The survey shows that Gen Z homebuyers:
- Feel that a fenced yard is essential – 48 percent
- Would move if their home no longer met their pet’s needs – 22 percent
- Would rather share their primary bedroom with a pet than a partner – 13 percent
It’s clear that Gen Z homebuyers value their pets. Almost half of Zoomers would look for a home with a fenced yard compared to one with a playroom (at 24 percent). Nearly a quarter of Gen Z buyers would move to better accommodate their pet, while only 12 percent would do this for a partner.
If you’re buying your first home with one or more pets, here are a few tips on finding a house with the right features:
1. Start with the neighborhood.
Drive into a neighborhood you have your eye on and take a walk around. (Preferably, with your pet.) If you’re a cat mom or dad, a neighborhood may not matter as much. But if you have a pup you plan to walk, you want to know you’re buying your first home in a pet-friendly area.
A pet-friendly neighborhood might have plenty of sidewalks, green space, and even a dog park. You may also appreciate having other pet owners nearby. Close proximity to a veterinarian, animal hospital, groomer, and dog-friendly restaurants or bars is worth noting.
Now that you’ve found an ideal neighborhood, it’s time to start hunting for a house. Getting *pre-approved for a mortgage will tell you how much house you can afford so you don’t waste time shopping in the wrong price range. With this information, you can begin filtering houses in your desired area based on pet-friendly features.
An easy way to do this is by looking at a home’s layout—or floorplan if it’s been added to a listing. You might need extra room for pet toys, beds, and crates. Indoor pets, like cats, rabbits, and others, may benefit from their own play area. Steep stairs and carpet could be a no-go for an older pet. For outdoor pets, yard size and layout are important considerations.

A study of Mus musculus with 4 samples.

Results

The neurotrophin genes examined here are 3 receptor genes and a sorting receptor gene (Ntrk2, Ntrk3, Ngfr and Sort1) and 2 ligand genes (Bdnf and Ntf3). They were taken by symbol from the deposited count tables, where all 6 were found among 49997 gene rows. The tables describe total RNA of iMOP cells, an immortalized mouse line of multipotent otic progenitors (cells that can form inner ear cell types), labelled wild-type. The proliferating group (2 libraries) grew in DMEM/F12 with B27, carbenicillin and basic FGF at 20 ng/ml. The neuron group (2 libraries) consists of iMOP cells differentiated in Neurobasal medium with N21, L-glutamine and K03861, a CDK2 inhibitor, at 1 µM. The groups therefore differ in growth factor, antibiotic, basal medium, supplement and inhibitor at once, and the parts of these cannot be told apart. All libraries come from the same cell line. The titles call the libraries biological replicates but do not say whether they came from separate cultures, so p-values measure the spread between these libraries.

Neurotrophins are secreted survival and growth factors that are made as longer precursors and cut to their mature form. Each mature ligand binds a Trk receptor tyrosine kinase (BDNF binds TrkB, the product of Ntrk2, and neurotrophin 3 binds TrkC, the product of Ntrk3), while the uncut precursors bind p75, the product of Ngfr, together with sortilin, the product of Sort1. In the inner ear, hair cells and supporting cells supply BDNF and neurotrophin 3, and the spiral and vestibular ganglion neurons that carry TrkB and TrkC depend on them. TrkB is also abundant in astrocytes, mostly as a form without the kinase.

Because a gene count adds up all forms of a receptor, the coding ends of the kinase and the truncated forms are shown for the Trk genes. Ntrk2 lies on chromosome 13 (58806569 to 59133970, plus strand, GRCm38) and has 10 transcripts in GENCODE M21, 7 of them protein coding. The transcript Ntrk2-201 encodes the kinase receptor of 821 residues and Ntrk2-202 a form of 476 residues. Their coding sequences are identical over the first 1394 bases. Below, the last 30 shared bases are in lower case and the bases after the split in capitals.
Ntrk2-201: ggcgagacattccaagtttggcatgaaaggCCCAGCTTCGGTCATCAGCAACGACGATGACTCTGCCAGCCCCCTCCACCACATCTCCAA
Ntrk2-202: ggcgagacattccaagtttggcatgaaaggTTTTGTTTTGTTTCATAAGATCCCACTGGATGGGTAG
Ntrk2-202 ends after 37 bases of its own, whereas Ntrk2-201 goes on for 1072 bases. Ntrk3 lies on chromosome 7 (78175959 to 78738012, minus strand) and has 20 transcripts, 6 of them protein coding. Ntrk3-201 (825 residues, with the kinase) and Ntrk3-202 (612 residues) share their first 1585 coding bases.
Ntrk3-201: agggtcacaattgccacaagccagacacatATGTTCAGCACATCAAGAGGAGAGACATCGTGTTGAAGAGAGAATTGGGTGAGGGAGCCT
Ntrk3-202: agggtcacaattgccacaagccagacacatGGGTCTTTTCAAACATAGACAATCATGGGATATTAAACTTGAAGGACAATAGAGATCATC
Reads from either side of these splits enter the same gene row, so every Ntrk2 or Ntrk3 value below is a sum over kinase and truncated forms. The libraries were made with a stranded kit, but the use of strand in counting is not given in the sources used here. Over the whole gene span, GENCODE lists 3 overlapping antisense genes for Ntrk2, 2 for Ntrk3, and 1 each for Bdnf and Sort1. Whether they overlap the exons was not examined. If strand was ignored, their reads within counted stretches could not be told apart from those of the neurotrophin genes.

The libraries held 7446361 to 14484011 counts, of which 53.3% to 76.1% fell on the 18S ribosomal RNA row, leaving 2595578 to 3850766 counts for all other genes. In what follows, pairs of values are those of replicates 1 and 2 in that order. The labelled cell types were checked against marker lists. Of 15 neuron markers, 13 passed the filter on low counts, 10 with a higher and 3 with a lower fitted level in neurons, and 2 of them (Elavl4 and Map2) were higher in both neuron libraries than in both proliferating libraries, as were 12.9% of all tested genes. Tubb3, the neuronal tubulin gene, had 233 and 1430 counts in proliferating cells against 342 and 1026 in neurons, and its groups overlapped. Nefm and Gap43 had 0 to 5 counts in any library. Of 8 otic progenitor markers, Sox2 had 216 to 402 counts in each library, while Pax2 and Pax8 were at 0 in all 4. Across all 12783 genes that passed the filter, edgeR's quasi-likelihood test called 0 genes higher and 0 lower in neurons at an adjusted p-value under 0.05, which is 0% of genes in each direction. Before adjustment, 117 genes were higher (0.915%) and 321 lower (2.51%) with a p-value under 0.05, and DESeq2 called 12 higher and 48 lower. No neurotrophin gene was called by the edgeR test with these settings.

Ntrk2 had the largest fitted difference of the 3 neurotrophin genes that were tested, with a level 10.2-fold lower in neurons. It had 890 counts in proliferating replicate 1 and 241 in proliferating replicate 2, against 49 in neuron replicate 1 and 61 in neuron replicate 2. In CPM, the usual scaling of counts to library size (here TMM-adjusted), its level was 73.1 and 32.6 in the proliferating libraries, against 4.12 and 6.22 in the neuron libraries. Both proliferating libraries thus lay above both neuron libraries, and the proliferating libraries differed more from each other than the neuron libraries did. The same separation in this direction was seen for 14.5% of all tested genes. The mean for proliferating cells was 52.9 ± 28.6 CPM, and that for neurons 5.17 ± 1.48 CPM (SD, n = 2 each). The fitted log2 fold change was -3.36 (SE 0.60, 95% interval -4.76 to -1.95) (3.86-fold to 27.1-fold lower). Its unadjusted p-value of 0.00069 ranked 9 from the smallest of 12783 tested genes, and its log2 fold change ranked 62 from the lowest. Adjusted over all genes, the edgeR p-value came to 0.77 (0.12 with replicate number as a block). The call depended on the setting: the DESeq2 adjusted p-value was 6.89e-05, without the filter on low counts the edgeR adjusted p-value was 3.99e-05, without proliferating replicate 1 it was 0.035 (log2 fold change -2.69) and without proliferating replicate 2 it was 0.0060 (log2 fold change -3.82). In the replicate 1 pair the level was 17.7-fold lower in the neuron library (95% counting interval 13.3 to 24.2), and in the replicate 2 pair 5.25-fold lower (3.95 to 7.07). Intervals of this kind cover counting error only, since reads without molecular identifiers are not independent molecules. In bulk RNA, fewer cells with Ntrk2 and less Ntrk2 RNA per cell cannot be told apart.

3. Inspect the fence.
Another Zillow survey finds that a home with a fenced-in backyard may sell nearly three days faster. Proud pet parents are the reason why.
As you tour a home or look at listing photos, make sure a yard’s fence is in good shape. Obvious holes and missing boards may need to be repaired by the seller. Low fences might not work for a large dog that can jump. When you visit a house, also note neighboring pets; are there other dogs close by, and do they bark frequently enough to agitate yours?
4. Don’t count a condo out.
If you’re struggling with affordability, it might make sense to consider a condo—and trade up later—when buying your first home. For dog owners, a condo may seem like a bad fit. A condo will typically come with an HOA, which is an added monthly cost. However, this HOA covers amenities that might include a Bark Park. For cat owners, a condo with a porch could be the perfect place for a catio.
When shopping for a condo or home that includes an HOA, it’s important to read the bylaws carefully. Some HOAs may have breed restrictions or regulations that limit the number of pets.
5. Use a pet-friendly agent.
If you want to prioritize your pet’s happiness when buying your first home, you want an agent who gets it. Some real estate agents market themselves as pet-friendly. If you can’t find a pet-friendly agent in your area, contact your local Academy Loan Officer. They might have some referrals that can help.
Ideally, an agent should understand you and your pet’s needs, know what type of housing and neighborhoods will meet those needs, and filter your home search to match. They might look out for homes upgraded to accommodate pets, like those with custom pet doors and feeding and washing stations. An agent may also have helpful contacts for local doggie daycares, groomers, and vets.